How To Clean Cat Spray In 6 Steps

No matter how tidy and housebroken your kitty is, there may be times that they decide to mark their space - and your home! - by spraying against walls, furniture, on carpets and in other places.

There are lots of reasons that our furry friends spray, such as territorial marking or as a response to stress. But no matter the cause, cat spraying can be unpleasant for humans - and leave your home smelling unless you can clean up the mess.


1. Find the mark!

If your kitty has spray marked in a place they shouldn’t, be sure to clean it as soon as possible to stop the scent and marks from setting and soaking in.

If you’re not sure where exactly the spray is (it can be harder to find the source of the smell than you think), using a black light can help to highlight the location. This will also help you find older marks, that need to be cleaned to stop your kitty from returning to spray again.

2. Consider the surface

The location of spray marks and their age will affect how you treat them. With dried marks, especially on carpet, soak them with warm water first to help them lift out, and blot them before adding cleaning products.

As our furry friends are attracted to vertical surfaces to spray, you may have lots of locations to clean; from walls, to sofas and carpets and even curtains! On non-washable surfaces like walls, always blot fresh marks with cloth or paper towels, then clean with enzymatic cleaners. Washable surfaces like curtains or blankets should be rinsed in water before being washed with an enzyme-based cleaner. If the target item is machine washable, placing some enzymatic cleaner in the washing machine along with your normal washing product can also help.

3. Blot, blot, blot!

Wherever the mark is, if it’s fresh (or freshly soaked) always blot the stain to remove as much urine as possible. Never rub these marks as this can cause the stain to set or soak in. Paper and cloth towels will both work - but be quick to wash anything that you want to keep.

4. Think about your cleaning products

To discourage your kitty from returning to spray again, choose cleaning products that don’t contain ammonia. Ammonia can smell similar to urine - and have the unintended effect of attracting your cat back to spray again!

Instead, use an enzyme-based cleaner, as these break down kitty urine, to make sure all traces of the scent and pheromones are completely gone.

5. Vacuum soft furnishings

Non-washable soft furnishings like carpets can be trickier to clean! Use a wet vacuum or cleaner to remove as much of the mark as possible. You should then soak the area with enzyme-based products, and leave them to work through before cleaning them up. With carpets, you should also check under the top layer to be sure any marks that have soaked through can be thoroughly removed. Never use steam cleaners as these can set the mark.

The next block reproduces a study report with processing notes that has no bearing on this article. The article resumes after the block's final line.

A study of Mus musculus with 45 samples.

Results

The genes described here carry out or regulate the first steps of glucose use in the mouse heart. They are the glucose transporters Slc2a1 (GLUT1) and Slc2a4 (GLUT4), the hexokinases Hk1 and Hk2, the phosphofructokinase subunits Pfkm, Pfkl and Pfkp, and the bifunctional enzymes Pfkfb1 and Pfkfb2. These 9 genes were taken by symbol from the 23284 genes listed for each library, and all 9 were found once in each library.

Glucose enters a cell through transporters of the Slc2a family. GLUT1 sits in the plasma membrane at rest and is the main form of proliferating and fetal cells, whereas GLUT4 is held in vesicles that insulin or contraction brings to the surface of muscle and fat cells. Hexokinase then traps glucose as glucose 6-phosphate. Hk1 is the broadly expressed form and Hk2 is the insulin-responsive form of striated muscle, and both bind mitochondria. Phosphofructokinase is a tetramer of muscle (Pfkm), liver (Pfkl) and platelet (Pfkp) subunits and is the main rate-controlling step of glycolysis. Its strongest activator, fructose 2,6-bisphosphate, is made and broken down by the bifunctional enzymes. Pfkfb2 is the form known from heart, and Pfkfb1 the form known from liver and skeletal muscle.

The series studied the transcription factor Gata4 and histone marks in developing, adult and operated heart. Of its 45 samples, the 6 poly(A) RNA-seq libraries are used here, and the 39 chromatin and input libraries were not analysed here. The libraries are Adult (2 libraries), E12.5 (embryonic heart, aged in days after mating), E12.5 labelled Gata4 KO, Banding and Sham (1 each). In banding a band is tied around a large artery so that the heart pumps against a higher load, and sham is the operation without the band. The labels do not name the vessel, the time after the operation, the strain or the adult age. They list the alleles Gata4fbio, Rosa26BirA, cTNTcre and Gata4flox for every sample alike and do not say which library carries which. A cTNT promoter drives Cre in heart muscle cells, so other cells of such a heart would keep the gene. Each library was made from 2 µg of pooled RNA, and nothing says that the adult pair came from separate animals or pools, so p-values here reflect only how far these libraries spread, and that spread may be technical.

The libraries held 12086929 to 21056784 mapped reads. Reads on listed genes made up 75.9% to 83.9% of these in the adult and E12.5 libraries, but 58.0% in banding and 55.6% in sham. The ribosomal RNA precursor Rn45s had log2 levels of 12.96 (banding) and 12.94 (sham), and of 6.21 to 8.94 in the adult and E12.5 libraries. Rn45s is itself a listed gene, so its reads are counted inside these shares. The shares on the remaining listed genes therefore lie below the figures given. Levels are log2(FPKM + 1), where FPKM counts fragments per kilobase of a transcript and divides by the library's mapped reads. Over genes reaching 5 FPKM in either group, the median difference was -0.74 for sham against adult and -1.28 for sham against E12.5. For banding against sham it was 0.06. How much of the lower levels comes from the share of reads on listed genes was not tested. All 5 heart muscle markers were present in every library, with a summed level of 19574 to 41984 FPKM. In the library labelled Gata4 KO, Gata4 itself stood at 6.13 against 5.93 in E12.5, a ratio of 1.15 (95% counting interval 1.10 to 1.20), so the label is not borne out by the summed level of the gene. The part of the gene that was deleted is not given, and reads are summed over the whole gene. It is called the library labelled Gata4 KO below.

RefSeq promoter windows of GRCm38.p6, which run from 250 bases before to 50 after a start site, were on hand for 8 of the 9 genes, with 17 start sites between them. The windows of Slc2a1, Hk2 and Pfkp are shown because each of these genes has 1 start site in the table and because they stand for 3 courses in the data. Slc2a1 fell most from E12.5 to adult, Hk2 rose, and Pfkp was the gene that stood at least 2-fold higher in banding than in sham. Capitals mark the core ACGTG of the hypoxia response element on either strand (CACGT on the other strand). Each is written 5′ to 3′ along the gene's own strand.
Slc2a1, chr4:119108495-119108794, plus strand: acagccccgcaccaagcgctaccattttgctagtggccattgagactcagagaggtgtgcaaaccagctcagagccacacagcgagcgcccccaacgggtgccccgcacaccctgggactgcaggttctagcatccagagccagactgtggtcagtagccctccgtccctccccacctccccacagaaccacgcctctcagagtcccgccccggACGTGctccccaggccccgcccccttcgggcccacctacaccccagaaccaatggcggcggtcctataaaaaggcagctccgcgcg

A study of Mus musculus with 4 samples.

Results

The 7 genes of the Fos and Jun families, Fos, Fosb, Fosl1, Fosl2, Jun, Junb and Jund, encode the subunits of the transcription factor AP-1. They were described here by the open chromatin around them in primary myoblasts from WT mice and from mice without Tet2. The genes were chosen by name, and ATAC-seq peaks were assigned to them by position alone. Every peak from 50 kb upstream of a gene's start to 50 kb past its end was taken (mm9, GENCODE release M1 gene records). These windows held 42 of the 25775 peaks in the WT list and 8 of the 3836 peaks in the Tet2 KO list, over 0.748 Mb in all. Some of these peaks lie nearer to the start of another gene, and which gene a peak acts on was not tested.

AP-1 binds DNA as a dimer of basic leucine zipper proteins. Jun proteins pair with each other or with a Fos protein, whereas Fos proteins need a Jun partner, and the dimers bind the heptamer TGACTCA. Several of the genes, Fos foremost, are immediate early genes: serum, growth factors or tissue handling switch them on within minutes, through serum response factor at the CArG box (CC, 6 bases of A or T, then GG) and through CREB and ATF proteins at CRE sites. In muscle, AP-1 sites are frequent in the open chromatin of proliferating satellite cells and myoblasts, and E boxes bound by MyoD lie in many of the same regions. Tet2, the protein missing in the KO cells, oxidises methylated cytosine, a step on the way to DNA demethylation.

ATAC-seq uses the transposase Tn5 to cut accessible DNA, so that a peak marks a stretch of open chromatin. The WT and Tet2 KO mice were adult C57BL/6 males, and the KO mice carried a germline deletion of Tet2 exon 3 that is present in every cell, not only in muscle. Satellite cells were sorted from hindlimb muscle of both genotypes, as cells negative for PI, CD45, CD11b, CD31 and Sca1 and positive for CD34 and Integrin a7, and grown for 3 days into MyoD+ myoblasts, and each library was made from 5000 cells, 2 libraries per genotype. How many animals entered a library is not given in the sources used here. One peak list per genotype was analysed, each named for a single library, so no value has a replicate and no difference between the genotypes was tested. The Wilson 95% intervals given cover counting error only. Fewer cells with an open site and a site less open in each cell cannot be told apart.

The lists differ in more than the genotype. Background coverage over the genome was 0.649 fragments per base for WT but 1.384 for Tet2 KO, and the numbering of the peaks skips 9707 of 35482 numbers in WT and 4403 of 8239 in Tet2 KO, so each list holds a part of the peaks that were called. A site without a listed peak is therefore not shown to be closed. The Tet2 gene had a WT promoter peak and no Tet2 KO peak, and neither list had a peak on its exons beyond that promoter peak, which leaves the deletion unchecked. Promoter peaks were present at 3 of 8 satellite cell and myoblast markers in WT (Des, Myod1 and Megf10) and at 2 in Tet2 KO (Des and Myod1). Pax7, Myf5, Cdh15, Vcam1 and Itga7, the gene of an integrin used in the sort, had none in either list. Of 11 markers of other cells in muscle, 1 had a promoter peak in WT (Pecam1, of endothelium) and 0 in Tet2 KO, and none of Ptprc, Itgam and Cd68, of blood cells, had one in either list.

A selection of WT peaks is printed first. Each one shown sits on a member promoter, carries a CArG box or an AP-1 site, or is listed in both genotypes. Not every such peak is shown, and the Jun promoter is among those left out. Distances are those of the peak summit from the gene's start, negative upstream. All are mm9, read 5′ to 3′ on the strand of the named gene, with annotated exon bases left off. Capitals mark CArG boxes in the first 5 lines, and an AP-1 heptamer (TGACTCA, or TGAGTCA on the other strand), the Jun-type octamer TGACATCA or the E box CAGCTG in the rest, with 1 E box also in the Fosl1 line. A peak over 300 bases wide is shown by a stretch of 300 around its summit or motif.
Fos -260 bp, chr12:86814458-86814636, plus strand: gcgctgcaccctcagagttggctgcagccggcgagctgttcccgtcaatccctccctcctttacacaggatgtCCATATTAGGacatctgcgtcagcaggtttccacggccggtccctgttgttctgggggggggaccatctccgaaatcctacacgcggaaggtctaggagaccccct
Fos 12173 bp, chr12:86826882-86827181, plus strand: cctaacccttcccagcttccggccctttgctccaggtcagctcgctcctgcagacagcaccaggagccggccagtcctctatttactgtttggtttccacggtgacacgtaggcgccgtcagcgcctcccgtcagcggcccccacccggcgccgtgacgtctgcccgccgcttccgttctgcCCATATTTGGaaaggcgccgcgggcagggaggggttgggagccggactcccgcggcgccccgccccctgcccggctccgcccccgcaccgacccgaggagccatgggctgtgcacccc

6. Repeat as needed

Unfortunately, kitty spray stains can be stubborn. Once the area has dried, you may need to repeat your cleaning process to be sure all traces are gone. It is worth cleaning spray marks thoroughly as any scent left behind may attract your furry friend back!


Cats typically show spraying behaviour as they reach maturity; your kitty may be spraying to mark their territory, to signal to other cats that they’re looking for a mate - or, they may be spraying due to stress, illness - or even as a sign that they don’t like their litter box.

If you think this may be the case, make sure you regularly clean the litter tray. Cleaning the litter box is one of the most effective ways to keep your house smelling fresh - and can prevent spraying by giving your kitty a place to go that they’re happy with.

An unclean tray, poor location, or even the ‘wrong’ litter may make your kitty look elsewhere, and trigger spraying behaviour. Make sure you change the litter often, scoop the tray frequently, try a range of litter options - and consider placing an extra litter tray in the house to give your cat an alternative toilet, to discourage spraying.


Removing stressors and keeping to a routine can also help. The use of a FELIWAY Diffuser in your cat’s favourite area can provide comfort and reassurance - and using FELIWAY Spray on urine-marked areas can help prevent your cat from returning to spray again.

Click here to find out top tips and advice on how to stop cat spraying inside your house?

Of course, if these methods do not have any effect, and spraying is an unusual behaviour for your kitty, it is always worth checking for any underlying problems with your vet.